Everywhere we look we can see the future coming. Prosthetic limbs, electronic cigarettes and restaurants staffed entirely by robots are only a few examples of technology’s constant presence in our lives. Our phones are super-computers and we take in more information every day than we ever did before. But how long before we merge with technology? How long before brains are measured in RAM and terabytes? These are questions Ghost in the Shell 2: Innocence asks but, importantly, never answers.
Following the events of Ghost in the Shell Batou of Section 9 teams up with Togusa to investigate sex-robots that are murdering their clients. Just as the Puppet Master manipulated events and people in Ghost in the Shell another hacker of a similar calibre controls people and events in order to kill a Yakuza boss. Without the Major, Batou must rely on the unenhanced Togusa for help.
Batou is a large man mostly made up of cybernetic prosthetics. His eyes have been replaced by thick spectacle-like lenses. Togusa, though he has a cybernetically enhanced brain, is relatively augment free and is one of the more normal looking characters. Aside from his hideous mullet of course. This dichotomy is key to Innocence. Batou sand Togusa are men greatly at odds with one another. Where Section 9 gave Batou his body they also own him. Togusa does not have the capabilities afforded by robotic enhancements but it does free him to have a life and family.
The animation of Innocence is something wonderful to behold. From the rain soaked streets of a neo-noir Tokyo to an enormous mansion lit by the light of the dying sun no detail is glossed over. From the often visceral fight scenes to the cerebral hacking sequences Innocence pulls no punches when putting its high concept subject matter onscreen. An enormous CGI parade that took a year to animate wordlessly highlights the films often overlooked religious and philosophical influences. When the sex-robots split open revealing intricate wiring and circuitry it is one of the goriest moments in a film despite the lack of traditional gore.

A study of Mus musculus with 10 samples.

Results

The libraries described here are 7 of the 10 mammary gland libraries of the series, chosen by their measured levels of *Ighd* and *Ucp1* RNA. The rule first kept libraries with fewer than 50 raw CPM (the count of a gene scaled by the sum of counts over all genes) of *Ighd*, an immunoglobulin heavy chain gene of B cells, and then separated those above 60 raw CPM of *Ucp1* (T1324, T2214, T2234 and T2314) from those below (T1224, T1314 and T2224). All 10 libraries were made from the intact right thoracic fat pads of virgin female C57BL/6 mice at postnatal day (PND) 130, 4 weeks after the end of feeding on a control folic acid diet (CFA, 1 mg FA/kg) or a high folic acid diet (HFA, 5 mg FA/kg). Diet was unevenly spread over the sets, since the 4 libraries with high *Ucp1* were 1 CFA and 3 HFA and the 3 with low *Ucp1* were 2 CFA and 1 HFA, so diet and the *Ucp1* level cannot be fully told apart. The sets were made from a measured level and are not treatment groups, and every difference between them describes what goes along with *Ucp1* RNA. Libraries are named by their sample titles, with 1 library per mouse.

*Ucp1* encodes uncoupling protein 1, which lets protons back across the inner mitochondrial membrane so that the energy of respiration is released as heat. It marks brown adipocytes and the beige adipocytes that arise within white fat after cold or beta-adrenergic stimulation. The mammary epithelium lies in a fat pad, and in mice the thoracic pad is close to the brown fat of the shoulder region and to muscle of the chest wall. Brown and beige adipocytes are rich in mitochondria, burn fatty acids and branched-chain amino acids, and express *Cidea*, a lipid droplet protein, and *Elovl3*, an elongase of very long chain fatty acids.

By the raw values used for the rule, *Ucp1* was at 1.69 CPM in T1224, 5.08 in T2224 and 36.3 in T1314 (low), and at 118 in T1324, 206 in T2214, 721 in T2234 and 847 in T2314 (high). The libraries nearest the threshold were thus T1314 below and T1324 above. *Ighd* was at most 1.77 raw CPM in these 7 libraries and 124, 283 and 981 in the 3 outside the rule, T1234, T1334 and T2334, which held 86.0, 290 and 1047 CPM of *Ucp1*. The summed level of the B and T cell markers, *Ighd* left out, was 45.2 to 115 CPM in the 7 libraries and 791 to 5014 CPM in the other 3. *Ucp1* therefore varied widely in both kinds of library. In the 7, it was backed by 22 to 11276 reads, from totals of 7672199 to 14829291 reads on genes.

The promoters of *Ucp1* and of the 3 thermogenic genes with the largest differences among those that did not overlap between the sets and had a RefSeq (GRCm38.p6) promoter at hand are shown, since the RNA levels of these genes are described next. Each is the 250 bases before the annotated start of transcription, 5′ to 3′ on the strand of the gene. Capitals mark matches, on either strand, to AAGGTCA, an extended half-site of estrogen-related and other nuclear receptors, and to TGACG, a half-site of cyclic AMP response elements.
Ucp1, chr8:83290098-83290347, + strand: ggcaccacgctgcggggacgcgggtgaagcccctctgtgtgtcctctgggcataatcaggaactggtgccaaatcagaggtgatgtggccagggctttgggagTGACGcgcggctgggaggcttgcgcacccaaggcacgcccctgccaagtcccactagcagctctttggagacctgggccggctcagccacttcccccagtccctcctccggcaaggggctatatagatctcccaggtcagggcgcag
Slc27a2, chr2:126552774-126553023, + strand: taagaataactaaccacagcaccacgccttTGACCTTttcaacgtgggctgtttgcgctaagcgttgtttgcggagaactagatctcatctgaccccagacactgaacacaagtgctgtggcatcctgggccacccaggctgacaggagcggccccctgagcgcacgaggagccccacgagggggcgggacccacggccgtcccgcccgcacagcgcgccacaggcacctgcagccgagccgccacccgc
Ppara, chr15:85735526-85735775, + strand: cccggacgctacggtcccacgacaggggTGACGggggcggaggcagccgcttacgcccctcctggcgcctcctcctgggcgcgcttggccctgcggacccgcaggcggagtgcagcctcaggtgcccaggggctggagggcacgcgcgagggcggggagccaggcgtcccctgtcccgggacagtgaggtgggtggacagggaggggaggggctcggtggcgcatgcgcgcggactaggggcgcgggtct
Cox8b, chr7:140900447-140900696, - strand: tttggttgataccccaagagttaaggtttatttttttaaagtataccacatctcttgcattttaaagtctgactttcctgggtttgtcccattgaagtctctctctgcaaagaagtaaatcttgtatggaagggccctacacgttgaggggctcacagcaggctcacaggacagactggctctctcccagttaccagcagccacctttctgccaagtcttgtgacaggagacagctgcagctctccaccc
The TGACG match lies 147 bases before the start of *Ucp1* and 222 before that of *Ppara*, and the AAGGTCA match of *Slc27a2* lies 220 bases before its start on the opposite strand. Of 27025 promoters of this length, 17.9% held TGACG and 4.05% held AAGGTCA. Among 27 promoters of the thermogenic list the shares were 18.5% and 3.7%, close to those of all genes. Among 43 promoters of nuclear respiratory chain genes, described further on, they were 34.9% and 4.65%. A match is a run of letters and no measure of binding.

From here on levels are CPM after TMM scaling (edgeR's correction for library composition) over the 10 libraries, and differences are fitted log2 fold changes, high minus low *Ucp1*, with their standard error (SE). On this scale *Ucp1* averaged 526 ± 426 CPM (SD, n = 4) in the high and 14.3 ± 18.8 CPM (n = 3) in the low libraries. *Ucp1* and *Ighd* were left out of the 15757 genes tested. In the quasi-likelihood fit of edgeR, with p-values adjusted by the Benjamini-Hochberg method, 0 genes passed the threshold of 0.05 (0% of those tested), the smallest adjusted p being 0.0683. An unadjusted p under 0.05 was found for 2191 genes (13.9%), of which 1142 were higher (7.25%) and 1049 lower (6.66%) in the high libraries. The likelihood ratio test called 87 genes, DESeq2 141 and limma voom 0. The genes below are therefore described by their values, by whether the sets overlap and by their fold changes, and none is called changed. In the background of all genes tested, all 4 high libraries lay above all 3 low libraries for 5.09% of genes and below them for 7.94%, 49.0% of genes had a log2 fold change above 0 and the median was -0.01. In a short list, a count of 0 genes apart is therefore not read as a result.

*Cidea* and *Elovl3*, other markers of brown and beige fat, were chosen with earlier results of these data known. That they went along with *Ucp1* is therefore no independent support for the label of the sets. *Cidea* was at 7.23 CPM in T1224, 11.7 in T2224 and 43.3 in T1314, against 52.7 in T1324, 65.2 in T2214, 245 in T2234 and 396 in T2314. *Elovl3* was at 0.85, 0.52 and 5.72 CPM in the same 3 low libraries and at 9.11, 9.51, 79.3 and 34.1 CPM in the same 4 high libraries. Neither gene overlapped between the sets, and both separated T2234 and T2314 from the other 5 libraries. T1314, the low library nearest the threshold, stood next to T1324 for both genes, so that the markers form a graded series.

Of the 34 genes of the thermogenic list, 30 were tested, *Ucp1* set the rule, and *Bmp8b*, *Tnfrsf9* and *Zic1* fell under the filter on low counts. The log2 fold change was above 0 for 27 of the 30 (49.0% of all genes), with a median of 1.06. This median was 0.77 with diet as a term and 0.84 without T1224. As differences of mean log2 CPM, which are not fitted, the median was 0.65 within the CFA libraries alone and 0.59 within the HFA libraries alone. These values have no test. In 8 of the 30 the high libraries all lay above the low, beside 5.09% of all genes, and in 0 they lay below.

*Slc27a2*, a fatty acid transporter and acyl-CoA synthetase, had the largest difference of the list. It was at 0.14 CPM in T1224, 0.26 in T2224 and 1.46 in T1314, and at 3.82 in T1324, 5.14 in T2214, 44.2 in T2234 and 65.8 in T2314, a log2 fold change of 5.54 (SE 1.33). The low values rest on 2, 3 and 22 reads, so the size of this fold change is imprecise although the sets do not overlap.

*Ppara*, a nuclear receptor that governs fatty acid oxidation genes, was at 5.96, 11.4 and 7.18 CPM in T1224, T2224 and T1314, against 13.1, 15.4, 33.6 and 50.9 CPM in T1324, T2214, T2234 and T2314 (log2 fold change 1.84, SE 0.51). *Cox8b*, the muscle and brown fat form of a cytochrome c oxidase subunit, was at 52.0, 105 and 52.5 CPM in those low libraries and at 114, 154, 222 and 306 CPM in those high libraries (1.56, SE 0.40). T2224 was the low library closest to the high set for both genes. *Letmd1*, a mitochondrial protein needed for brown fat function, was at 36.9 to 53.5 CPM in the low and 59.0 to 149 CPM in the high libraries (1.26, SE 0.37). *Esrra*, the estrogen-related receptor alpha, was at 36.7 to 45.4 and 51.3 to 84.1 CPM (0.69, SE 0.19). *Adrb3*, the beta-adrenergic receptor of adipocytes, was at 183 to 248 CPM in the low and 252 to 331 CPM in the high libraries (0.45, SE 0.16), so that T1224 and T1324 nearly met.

Over and over again director Mamoru Oshii puts in multiple metaphors with dolls becoming the most common. A metaphor for the robots of the film the dolls are a symbol of how plentiful technology has made life easier but also emptier. That is the easiest interpretation anyway but one cannot help but feel that peeling back only a single layer reveals a tiny percentage of a greater whole. The final few shots of the film cut between Batou, his cloned dog, Togusa and his unenhanced daughter. It asks the question of who is more human in this future? The immortal cyborg or the man who refuses to move forward? Is the cloned dog a commentary on technology’s effect on the environment? Are children the purest form of humanity left in this neon soaked future? Before any of these questions are answered the film cuts to black.
Innocence is a meditative film. The camera lingers on small details. Falling rain. A ticking clock. A dogs downturned eyes. It is as if by looking at the smaller details we understand the bigger picture. Innocence opens with a quote from a book called The Future Eve and it’s a statement that is hard to stop thinking about long after the credits roll…
“If our gods and hopes are nothing but scientific phenomena, then it must be said that our love is scientific as well.”